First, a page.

There has been plenty of talk about the pound against the dollar in the wake of the current economic climate due to Brexit and COVID-19. Despite the general gloom surrounding the state of the global economy, the pound seems to be performing better than expected and has received a “notable lift”.

Pound Sterling is rallying after the Bank of England’s Monetary Policy Committee voted unanimously to keep interest rates at 0.1%. The announcement, on 6th August, was described by economists as “the first pro-Sterling surprise” for the market.

The Pound Against the Dollar

© Mark Anthony Ray /


Forecast “better than predicted”

The downturn had not been as severe as the Bank of England predicted in May, when it released its last economic forecast. Annual GDP growth for 2020 was set at -9.5% in May, up from the previous forecast of -14%.

Now, the forecast for 2021 is +9%. This means the bank predicts the UK GDP will return to the levels of the fourth quarter of 2019 by the end of 2021. Not only is this a significantly more optimistic prediction than anticipated, it is also more positive than economists at several major financial institutions in the UK had considered.

In March this year, the surging dollar saw the pound fall to a 30-year low. Sterling had dropped to $1.145 in New York. It fell more than 12% against the dollar on 19th March, after more than a week of volatile trading. The latest predictions are therefore a massive boost to the economy, despite the effects of COVID-19.


Effects of Brexit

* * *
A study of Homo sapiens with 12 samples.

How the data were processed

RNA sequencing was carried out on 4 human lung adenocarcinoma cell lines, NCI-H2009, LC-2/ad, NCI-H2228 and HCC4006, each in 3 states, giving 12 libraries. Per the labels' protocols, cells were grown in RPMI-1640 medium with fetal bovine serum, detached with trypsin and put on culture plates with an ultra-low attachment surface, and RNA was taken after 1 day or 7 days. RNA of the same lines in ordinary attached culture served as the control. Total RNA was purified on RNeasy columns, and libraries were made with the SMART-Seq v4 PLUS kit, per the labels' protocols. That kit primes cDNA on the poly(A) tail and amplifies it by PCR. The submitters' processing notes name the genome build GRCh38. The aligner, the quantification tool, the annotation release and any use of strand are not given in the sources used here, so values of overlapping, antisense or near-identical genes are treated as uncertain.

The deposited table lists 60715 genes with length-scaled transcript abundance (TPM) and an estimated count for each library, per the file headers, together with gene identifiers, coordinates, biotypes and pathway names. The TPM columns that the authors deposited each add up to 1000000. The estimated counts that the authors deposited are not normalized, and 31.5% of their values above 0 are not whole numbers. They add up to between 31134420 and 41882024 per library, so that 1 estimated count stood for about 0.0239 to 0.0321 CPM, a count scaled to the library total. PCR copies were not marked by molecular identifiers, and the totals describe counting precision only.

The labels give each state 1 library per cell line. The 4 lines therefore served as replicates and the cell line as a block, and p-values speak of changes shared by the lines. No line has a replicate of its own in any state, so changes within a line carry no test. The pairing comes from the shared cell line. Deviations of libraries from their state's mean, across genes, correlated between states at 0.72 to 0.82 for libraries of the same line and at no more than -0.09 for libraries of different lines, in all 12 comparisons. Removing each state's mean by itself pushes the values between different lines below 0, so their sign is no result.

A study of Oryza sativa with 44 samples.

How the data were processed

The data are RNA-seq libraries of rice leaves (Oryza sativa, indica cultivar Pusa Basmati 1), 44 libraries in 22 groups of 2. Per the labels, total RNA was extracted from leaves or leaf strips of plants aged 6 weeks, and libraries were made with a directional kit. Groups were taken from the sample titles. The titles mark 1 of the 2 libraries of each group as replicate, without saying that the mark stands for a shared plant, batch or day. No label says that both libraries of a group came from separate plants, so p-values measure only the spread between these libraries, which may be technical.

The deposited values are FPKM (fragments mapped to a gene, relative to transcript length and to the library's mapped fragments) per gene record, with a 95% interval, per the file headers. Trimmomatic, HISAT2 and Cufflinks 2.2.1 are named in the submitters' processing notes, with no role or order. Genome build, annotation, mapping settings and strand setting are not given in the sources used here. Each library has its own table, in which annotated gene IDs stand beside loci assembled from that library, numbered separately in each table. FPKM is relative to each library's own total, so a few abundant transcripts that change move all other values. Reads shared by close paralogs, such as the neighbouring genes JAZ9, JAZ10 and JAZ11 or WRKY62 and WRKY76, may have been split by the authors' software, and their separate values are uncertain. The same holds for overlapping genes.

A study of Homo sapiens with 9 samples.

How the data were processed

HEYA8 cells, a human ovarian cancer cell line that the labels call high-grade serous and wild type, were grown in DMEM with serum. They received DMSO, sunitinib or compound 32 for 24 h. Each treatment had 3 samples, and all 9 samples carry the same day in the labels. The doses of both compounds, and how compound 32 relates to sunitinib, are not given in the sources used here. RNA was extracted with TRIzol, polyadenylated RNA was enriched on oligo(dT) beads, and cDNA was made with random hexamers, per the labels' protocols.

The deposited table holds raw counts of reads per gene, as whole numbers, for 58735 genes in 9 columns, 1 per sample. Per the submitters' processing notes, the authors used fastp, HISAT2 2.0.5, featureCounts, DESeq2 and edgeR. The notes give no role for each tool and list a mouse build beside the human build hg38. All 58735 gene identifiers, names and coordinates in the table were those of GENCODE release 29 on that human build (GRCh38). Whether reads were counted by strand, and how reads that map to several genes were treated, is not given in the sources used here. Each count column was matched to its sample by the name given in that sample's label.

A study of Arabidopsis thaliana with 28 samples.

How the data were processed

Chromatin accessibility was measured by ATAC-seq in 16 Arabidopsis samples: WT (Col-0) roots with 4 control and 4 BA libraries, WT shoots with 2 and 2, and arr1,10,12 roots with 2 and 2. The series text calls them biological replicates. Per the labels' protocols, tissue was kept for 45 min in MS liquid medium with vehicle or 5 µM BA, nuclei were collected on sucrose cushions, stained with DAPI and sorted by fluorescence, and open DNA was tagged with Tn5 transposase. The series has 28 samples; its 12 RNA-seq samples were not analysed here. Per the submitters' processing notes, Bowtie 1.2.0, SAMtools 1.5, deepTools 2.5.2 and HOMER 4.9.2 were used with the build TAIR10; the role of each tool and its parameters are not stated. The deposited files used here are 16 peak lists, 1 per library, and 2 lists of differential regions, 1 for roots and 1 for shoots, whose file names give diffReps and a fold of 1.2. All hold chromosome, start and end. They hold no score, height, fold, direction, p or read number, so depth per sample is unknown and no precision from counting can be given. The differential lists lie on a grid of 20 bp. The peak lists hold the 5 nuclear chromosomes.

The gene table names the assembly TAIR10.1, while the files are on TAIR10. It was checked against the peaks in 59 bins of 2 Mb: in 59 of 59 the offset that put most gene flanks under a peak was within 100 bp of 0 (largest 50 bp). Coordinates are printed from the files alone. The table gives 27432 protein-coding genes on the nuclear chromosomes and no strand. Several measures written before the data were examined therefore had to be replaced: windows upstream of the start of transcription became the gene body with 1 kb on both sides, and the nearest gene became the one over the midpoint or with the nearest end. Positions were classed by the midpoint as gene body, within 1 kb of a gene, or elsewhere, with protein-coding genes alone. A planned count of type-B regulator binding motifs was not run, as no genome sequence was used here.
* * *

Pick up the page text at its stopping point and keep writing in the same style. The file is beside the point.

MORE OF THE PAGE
The effects of the no-deal Brexit, when Britain left the EU without a trade deal in place on 31st January 2020, had led to the pound plummeting. Then, when the COVID-19 virus saw the UK go into lockdown, Sterling losses deepened against the dollar.

The pound has been fluctuating against the dollar for the past 12 months. During the last quarter of 2019, the pound ended at $1.3342, compared with $1.3126 for the week ending 7th August 2020. This has been the pound’s best performance in months.

Apart from the announcement from the Bank of England’s Monetary Policy Committee about interest rates, news of a critical trade deal between the UK and Japan has further strengthened the pound. The government’s announcement, on 6th August, that the trade deal should be in place by the end of 2020 has led to renewed confidence.

According to government sources, the post-Brexit “comprehensive free trade deal” can be completed by the end of this year. Trade Minister Liz Trust believes it will provide a boost for Britain’s efforts to start securing more lucrative trade deals with other countries. She said, “further progress” had been made towards the deal with a “like-minded democracy” and the UK’s “long-standing ally”, after Japanese Foreign Minister Toshimitsu Motegi flew into London to finalise the free trade agreement.


What does the future hold?

While economists have noted that Pound Sterling is beginning to claw its way back quicker than anticipated, the UK isn’t out of the woods yet. Parts of England and Scotland, including Aberdeen, Blackburn and parts of Leicestershire, have just had local lockdowns put in place following a spike in cases of coronavirus. Implications on local businesses are not yet known.

Back in May, when the “Bounce Back Loans” scheme was launched by the government to help struggling businesses, there were 100,000 applications to British banks in the first day. The aid must be paid back, and a survey of banks has revealed fears that around 50% of borrowers may grapple with repayments if the situation doesn’t improve soon. People are relying on short-term loans to help them get through these challenging times – or at least until there is a light at the end of the tunnel.

Unfortunately, many analysts believe the current buoyancy of the pound in exchange rates is a “technical flow phenomenon”. They think we should still have concerns about its future. If the rate holds well into August, however, this may start to dispel some of the fear.